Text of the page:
Gartner Procure-to-Pay Report: Useful But Do Consider What YOU Need

We don’t tend to report on Gartner “magic quadrant” type reports much,  to be honest in part because Spend Matters, in particular our subscription PRO product, is a competitor. (If you want really deep insight into procurement technology, we’d argue PRO goes much further than Gartner generally). We wouldn't want to "dis" Gartner for one other reason - our esteemed colleague, Nancy, is an alumni, and was Head of Publishing EMEA for Gartner some years back.

However, the recent Gartner magic quadrant for “Procure-to-Pay Suites" has popped up in conversation a number of times recently, so we thought it was worth some remarks for us. You can get hold of it from most of the software firms who do well on the review (surprise, surprise!) So for instance here is the access via Basware’s website – that firm comes out of it very well, as do Coupa, Ivalua and SAP, with others such as Wax Digital, Perfect Commerce, GEP and Birch Street Systems (who I confess, I don’t know at all) all having respectable showings.

Indeed, the report has been made more freely available than previous Gartner work, it seems to us, which is very positive. It is a thorough piece of work; Gartner are diligent about talking to multiple clients of the firms featured, for instance. All in all, it is certainly useful, and the two-axis model is easy to understand. The x axis relates to “completeness of vision” – simplistically, you might say that covers how much capability the product contains. The other y axis is “ability to execute”, which is more about the firm, its coverage, partners and so on rather than the detail of the product.

We would however strike some notes of caution. Firstly, the entry conditions are pretty strong. Indeed, even though there are only 12 firms featured, including Basware twice (because of their recent Verian acquisition), we’re surprised some of them got through. Have some of the firms listed really met this criterion - “A minimum of 50 procure-to-pay suite clients with a 2014 revenue or operational budget of $1 billion or more”?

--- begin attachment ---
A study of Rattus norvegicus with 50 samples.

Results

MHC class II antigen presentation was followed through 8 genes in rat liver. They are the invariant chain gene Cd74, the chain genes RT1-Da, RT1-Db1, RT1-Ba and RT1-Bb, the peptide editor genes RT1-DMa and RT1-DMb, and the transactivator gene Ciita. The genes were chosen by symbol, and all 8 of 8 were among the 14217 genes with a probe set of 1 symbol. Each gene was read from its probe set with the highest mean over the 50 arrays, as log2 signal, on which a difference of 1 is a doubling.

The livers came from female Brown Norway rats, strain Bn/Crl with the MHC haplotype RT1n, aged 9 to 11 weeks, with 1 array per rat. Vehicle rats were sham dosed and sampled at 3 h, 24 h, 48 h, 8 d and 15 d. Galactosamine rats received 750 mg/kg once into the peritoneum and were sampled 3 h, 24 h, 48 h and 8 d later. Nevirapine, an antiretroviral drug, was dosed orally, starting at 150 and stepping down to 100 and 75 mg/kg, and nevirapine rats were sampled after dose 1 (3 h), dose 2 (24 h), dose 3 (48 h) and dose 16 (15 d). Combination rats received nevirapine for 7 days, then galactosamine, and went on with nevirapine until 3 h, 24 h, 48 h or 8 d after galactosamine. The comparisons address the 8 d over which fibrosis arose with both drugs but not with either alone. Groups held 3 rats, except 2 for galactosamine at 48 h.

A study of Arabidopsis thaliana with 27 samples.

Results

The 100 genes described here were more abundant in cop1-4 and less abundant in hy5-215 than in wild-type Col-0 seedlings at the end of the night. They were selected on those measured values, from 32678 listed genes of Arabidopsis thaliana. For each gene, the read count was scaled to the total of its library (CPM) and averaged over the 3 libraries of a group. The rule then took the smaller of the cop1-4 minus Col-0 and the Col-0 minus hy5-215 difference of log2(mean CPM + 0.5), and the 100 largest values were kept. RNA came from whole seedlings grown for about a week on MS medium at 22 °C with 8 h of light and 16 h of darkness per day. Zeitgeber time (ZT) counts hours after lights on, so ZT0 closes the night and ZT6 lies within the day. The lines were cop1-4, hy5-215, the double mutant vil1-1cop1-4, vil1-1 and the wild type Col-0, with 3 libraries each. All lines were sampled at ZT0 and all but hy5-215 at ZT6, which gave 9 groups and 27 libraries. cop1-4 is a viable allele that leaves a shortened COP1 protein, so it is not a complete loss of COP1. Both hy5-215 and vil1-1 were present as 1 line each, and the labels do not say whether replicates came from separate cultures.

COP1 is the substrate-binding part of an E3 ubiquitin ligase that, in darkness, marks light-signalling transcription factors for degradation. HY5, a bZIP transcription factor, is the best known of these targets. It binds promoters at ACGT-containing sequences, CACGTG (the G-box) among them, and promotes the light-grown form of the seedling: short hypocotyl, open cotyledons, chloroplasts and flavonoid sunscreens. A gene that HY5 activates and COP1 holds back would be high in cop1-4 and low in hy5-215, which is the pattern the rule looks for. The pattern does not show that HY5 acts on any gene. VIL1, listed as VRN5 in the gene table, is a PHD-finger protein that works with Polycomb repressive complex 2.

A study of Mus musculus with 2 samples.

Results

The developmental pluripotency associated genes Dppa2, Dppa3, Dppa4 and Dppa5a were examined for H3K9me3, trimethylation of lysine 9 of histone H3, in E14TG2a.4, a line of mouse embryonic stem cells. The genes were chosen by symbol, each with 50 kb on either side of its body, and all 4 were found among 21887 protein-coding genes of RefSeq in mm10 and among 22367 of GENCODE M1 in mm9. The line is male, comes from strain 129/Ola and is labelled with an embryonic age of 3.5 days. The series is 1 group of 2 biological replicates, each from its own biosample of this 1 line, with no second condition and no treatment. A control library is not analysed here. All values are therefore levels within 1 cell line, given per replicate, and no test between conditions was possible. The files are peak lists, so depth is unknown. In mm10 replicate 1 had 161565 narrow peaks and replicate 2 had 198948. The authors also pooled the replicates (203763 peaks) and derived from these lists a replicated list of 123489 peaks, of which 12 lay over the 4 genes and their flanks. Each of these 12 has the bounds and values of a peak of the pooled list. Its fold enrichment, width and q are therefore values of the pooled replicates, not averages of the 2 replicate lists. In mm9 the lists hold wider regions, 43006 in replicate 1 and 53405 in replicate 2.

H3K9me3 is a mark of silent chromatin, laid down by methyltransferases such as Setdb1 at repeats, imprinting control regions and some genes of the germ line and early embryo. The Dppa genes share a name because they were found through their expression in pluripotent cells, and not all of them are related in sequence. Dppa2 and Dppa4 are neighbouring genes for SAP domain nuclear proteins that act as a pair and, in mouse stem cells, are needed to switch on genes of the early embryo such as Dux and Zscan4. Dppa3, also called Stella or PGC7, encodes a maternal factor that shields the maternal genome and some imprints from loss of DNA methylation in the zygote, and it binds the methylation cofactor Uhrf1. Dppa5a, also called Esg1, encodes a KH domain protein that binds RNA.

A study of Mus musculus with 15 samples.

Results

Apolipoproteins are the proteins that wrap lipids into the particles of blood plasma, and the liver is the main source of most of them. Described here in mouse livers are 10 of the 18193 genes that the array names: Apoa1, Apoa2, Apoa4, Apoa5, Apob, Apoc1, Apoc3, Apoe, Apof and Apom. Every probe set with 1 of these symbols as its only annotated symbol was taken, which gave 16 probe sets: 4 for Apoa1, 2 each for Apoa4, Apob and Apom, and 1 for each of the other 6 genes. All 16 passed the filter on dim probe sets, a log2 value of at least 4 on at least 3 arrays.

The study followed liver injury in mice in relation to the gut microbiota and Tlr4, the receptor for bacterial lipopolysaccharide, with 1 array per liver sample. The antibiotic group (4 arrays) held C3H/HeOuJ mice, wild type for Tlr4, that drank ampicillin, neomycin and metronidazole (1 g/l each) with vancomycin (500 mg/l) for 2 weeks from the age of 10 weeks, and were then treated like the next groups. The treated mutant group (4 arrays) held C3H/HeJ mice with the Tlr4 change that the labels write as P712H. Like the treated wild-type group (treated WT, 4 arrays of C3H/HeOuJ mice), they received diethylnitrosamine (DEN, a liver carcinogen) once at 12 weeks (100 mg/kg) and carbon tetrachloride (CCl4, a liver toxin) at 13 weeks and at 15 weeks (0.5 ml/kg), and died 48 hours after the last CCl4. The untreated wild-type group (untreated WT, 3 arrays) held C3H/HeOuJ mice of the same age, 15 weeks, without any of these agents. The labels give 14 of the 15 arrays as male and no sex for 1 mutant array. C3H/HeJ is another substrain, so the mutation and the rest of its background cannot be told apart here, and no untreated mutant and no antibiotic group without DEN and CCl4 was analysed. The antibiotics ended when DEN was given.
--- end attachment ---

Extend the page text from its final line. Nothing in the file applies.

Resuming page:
Anyway, that means it is a pretty narrow field, which means that there may be firms that are well matched to your requirements, particularly regional players, who are very much in the market but not mentioned here. You should also consider whether you want and need all the features that qualify the firms here. For example, geographic coverage is one factor that can move a firm “down” the y axis on the quadrant. But if you are an organisation that is purely based in the UK, or France, or even “just” in Europe, you don’t really care about how good the service is in three other continents.

There is also the rate of change in the industry to consider. Younger firms struggle to meet the conditions of course, but other factors can change things rapidly. We saw the BravoSolution acquisition announcement last week, so with Puridiom’s technology integrated presumably they will feature next time around with the expanded P2P capability. But they should be serious players in this space well before that next iteration of the quadrant comes along. Other firms such as Tradeshift that don’t feature here are rapidly building capability too.

However, as we said, this is still an interesting and useful read. One obvious and striking factor is the absence of two industry software giants. Oracle E-Business Suite and Oracle PeopleSoft drop out of the quadrant “because they did not meet this year's more stringent inclusion criteria”. Are they being left behind by the likes of SAP and Coupa in this sector?

And IBM have never had real P2P capability – it does seem remarkable that the firm plays fairly seriously in some parts of the  procurement software space yet has not done what others such as Basware and BravoSolution have done and picked up a fill-in acquisition to round-out their offering. (IBM could have bought Verian or Puridiom with the spare change down the back of their South Bank office sofas).  As we’ve reported previously, IBM and Coupa do partner on some bids when the client wants an end-to-end source-to-pay solution, but that hardly seems a satisfactory long-term position for a company of IBM’s standing. There is a lot of hope for the Watson analytics development, but without the building blocks of P2P or S2P in place, this may not be enough to keep IBM as a front-of-mind option for procurement leaders.


  1. Eric Lynch:

    Shocking you don’t even mention BuyerQuest seeing we are competing and WINNING some of the largest P2P global deals vs. Ariba and Coupa! What gives, Jason?

    1. Peter Smith:

      Don’t blame Jason, this was all my own work! I guess BuyerQuest don’t have quite the profile in Europe yet that you do in the US so you weren’t front of mind when I wrote this. But look forward to seeing you here soon though!
      Peter Smith

      1. Eric Lynch:

        Hi Peter. Thank you for the clarification.You WILL be seeing us soon in your neighborhood!

        Sorry Jase!

  2. Christopher Jablonski:

    This is a great analysis. A buyer should also look at community-driven reviews such as G2 Crowd and compare end-user profiles to those who’d be using the software in his/her organization.